Though many European settlers and explorers who followed in Columbus’s footsteps proselytized their Catholic beliefs, it wasn’t until 1537 that Pope Paul III issued a charter affirming that the indigenous populations in Latin America were equal to Europeans, and thus allowed to become Christians.
In the 1800s, numerous countries, including Chile, Ecuador, and Colombia, signed contracts with the Catholic Church, or modeled their constitution on Catholic values, declaring themselves Catholic states.
First papal visit to Latin America
Despite the Catholic Church’s lengthy presence in Latin America, the first papal visit to the region didn’t take place until 1968, when Pope Paul VI visited Bogota, Colombia. A TIME Magazine article dated Aug. 30, 1968, noted that upon arrival, the pope “fell to his knees at the foot of the airplane ramp and kissed the concrete,” imitating Christopher Columbus’s first act when he arrived in the New World.
When Paul VI visited, the region was caught up in conflicts and dictatorships, ranging from a civil war in Guatemala to a military rule in Brazil. However, the main purpose of the pope’s visit was to prevent further splintering of the Latin American Catholic church, according to TIME.
Benedict XVI in Latin America
The pope’s visit was marred, however, by two controversial comments. First, on May 9, Benedict agreed with Mexican bishops’ desire to excommunicate pro-choice Catholic politicians, reports TIME. But perhaps more damaging was a statement he made during a May 13 speech to Latin American bishops in Brazil, when he implied that indigenous people had longed for the Catholic enlightenment brought by the colonists, reports Reuters.
“The proclamation of Jesus and of his Gospel did not at any point involve an alienation of the pre-Columbian cultures, nor was it the imposition of a foreign culture,” he said, without noting forced conversions and violence brought about by colonizing Catholics, reports TIME.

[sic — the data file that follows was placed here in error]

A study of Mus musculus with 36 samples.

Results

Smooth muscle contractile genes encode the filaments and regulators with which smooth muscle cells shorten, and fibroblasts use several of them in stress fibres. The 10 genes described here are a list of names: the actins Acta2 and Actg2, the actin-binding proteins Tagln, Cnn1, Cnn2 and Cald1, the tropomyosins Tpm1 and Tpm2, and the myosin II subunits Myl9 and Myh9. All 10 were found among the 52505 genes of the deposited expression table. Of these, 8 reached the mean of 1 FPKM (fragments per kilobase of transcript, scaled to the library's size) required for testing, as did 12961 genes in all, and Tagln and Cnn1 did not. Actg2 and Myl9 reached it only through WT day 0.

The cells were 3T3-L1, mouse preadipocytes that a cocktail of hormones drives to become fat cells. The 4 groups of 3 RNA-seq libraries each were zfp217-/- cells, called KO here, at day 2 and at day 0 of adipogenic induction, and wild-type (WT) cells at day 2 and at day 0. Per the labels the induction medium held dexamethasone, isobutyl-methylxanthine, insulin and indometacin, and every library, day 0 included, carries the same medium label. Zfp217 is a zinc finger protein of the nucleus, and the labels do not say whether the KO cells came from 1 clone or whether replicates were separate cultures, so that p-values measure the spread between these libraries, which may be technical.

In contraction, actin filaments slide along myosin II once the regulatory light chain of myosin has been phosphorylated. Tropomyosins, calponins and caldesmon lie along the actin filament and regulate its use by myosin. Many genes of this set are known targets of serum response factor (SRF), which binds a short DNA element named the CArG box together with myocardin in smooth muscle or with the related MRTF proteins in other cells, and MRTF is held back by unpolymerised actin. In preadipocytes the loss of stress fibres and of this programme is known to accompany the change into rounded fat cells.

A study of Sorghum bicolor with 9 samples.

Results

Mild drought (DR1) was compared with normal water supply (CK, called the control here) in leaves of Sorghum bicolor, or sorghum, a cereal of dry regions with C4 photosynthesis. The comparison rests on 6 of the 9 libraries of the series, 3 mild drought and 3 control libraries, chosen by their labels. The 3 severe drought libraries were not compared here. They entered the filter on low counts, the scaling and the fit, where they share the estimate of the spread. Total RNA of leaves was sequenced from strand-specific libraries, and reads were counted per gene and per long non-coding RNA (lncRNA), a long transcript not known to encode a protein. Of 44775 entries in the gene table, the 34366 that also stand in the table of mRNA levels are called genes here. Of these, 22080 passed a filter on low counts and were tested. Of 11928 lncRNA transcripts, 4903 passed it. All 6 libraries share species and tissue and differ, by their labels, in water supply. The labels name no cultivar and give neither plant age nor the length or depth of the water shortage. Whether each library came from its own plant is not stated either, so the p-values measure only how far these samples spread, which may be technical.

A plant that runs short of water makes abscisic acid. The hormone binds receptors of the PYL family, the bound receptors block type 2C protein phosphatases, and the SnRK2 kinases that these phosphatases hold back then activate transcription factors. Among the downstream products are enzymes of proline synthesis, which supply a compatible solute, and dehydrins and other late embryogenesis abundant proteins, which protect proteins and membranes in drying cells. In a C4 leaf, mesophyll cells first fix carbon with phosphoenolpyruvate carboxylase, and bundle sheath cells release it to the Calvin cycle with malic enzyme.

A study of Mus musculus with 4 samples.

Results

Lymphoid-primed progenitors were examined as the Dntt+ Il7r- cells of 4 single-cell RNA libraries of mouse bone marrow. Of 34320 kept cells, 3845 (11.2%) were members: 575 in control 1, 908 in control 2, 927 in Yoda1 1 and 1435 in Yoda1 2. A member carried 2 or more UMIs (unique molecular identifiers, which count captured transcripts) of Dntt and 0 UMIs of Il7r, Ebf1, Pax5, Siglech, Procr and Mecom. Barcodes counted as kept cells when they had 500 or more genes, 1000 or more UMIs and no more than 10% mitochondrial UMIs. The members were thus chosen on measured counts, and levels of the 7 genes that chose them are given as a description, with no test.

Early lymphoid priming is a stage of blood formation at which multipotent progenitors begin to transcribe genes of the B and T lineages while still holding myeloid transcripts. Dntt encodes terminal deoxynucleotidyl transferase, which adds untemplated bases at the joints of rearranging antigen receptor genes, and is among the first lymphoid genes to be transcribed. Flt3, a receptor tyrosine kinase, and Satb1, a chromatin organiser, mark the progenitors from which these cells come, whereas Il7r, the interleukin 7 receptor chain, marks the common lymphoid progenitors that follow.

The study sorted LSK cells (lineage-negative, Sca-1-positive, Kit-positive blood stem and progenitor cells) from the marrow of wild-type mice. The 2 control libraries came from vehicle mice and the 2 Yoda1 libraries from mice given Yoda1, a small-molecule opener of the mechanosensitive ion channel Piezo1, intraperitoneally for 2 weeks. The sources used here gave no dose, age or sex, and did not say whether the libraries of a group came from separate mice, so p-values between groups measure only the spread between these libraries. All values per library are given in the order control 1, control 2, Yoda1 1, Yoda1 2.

As a result, numerous indigenous groups protested across the Americas and demanded an apology from the pope, which he eventually gave.
Papal visits to Mexico
Mexico has the second-largest Catholic population in the world, behind Brazil, with 96 million Catholics residing in the country. Although the country lovingly welcomed John Paul II, it has traditionally had one of the strongest separations of church and state in the region, dating back to the Mexican Revolution in the early 1900s, when anticlerical policies were created.
Papal visits to Cuba
Pope Benedict XVI’s trip marks only the second papal visit to Cuba. After the Cuban Revolution, Fidel Castro dubbed the island an atheist state, exiling priests and sending many to reeducation camps. But the situation began to shift after the Soviet Union fell, and Cuba lost a vital financial lifeline.
As a result – and in an effort to reach out for new sources of foreign investment– Mr. Castro made a landmark gesture toward the Vatican, allowing Pope John Paul II to visit the island in 1998. (To learn more about the Catholic church in Cuba, see this Monitor story.)
Just over half of Cubans identify as Catholic, which places it among the lowest Catholic populations in the region, according the the Pew Forum on Religion and Public Life.